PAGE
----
Having a framework for security helps organizations identify what is missing and what is needed for their existing security architecture. A recent article in Dark Reading covered some of the cyber security frameworks that are available and how to make the decision in choosing one to use in your organization. The article covers three different frameworks available from the National Institute of Standards and Technology (NIST), the U.S. governmental agency that creates frameworks for use by the federal government.
Picking the Right Security Framework
The article covers three frameworks that are particularly relevant in today’s world of heightened attacks, especially ransomware and supply chain attacks. Choosing a good cybersecurity framework can help the organization identify risks, protect company assets (including customer data), and put steps in place to detect, respond, and recover from a cybersecurity event.
These are the three frameworks covered by the article:
- NIST Cybersecurity Framework (CSF Rev 1.1)
- NIST 800-53 (Rev. 5)
- Cybersecurity Maturity Model Certification & NIST 800-171 (Rev. 2)
Read the article for more details on each and how to choose between them.
Here at K2 Cyber Security we’ve been focused on NIST SP800-53, known also as the Security and Privacy Framework, because of the recent update on this framework that occurred in September of 2020.
The new NIST SP800-53 update is good indication that application security needed an update and gives us insight as to what the next generation of application security is going to look like.
The latest revision of NIST SP800-53 includes the requirement of RASP (Runtime Application Self-Protection) and IAST (Interactive Application Security Testing). It’s a first in recognizing these two advancements in application security by now requiring them as part of the security framework.
A RASP solution sits on same server as the application, and provides continuous security for the application during runtime. By running on same server as the application, RASP solutions provide continuous security for the application during runtime. For example, as mentioned earlier, a RASP solution has complete visibility into the application, so a RASP solution can analyze an application’s execution to validate the execution of the code, and can understand the context of the application’s interactions.
IAST is the other new recommendation for application security coming from the NIST revised draft, and if you haven’t heard of IAST, there’s a good definition available from Optiv
“IAST is an emerging application security testing approach which combines elements of both of its more established siblings in SAST (Static Application Security Testing) and DAST (Dynamic Application Security Testing). IAST instruments the application binary which can enable both DAST-like confirmation of exploit success and SAST-like coverage of the application code. In some cases, IAST allows security testing as part of general application testing process which provides significant benefits to DevOps approaches. IAST holds the potential to drive tests with fewer false positives/negatives and higher speed than SAST and DAST.”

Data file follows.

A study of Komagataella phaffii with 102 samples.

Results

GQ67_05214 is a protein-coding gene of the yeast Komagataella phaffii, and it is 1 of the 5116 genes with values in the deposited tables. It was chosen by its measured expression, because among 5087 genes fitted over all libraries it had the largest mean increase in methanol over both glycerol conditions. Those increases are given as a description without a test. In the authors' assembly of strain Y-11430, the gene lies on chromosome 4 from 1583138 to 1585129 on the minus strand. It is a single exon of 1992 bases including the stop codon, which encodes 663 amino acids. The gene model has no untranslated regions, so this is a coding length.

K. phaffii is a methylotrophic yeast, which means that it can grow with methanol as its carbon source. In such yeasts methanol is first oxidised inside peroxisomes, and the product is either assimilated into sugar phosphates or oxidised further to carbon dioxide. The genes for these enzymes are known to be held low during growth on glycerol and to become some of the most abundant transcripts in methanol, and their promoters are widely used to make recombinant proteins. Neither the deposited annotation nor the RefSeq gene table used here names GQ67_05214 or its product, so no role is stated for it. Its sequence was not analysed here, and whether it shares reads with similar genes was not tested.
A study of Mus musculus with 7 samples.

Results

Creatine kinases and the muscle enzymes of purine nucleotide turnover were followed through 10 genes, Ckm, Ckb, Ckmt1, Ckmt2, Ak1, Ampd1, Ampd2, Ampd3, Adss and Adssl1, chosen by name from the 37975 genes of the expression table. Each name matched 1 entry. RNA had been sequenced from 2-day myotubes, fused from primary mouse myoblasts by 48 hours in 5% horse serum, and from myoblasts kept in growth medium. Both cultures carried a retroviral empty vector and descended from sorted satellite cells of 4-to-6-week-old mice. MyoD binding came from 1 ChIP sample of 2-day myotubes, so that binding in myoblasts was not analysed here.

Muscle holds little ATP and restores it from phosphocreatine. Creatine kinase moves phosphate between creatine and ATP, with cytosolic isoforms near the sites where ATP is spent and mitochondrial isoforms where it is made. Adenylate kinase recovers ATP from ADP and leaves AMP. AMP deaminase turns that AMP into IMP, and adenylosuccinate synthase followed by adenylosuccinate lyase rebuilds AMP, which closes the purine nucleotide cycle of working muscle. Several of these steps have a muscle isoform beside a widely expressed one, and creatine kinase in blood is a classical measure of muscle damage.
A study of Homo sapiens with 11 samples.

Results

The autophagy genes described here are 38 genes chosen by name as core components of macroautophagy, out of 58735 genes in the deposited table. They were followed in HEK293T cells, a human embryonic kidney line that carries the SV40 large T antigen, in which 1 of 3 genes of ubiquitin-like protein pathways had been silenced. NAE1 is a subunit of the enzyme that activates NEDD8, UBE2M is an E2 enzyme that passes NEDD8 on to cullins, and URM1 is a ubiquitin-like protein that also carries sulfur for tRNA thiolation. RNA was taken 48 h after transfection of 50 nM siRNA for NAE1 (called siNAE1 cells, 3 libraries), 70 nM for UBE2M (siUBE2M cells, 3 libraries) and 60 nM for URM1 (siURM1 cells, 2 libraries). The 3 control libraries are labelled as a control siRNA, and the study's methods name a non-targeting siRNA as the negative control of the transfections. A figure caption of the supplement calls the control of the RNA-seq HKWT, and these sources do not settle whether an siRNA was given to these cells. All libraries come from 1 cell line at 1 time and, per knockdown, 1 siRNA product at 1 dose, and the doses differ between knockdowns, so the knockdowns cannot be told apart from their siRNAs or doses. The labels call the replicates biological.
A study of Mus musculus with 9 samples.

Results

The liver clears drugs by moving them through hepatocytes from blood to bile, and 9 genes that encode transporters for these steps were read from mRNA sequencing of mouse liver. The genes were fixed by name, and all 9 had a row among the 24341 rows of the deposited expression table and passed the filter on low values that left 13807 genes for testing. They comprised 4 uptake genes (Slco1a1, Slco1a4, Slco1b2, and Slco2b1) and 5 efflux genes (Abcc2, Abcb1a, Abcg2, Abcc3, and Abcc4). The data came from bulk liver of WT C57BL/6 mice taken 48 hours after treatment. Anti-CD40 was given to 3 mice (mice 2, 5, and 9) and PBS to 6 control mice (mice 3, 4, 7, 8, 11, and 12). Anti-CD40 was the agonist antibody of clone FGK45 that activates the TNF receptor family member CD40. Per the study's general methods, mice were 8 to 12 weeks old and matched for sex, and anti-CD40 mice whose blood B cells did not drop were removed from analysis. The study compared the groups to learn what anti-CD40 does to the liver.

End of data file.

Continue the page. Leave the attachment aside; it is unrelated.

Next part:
With these two new requirements (RASP and IAST) for application security being added to the NIST framework, it’s really time to rethink how your organization is doing application security.
K2 Cyber Security can help out with your RASP and IAST requirements with a best-of-breed solution. K2 offers an ideal runtime protection security solution that detects true zero-day attacks, while at the same time generates the least false positives and alerts. Rather than rely on technologies like signatures, heuristics, fuzzy logic, machine learning or AI, we use a deterministic approach to detect true zero-day attacks, without being limited to detecting attacks based on prior attack knowledge. Deterministic security uses application execution validation, and verifies the API calls are functioning the way the code intended. There is no use of any prior knowledge about an attack or the underlying vulnerability, which gives our approach the true ability to detect new zero-day attacks. Our technology has 8 patents granted/pending, and has no false alerts.
We’ve also recently published a video, The Need for Deterministic Security. The video explains why the technologies used in today’s security tools, including web application firewalls (WAFs) fail to prevent zero day attacks and how deterministic security fills the need for detecting zero day attacks. The video covers why technologies like artificial intelligence, machine learning, heuristics, fuzzy logic, pattern and signature matching fail to detect true zero day attacks, giving very specific examples of attacks where these technologies work, and where they fail to detect an attack.
The video also explains why deterministic security works against true zero day attacks and how K2 uses deterministic security. Watch the video now.
Change how you protect your applications, include RASP and check out K2’s application workload security.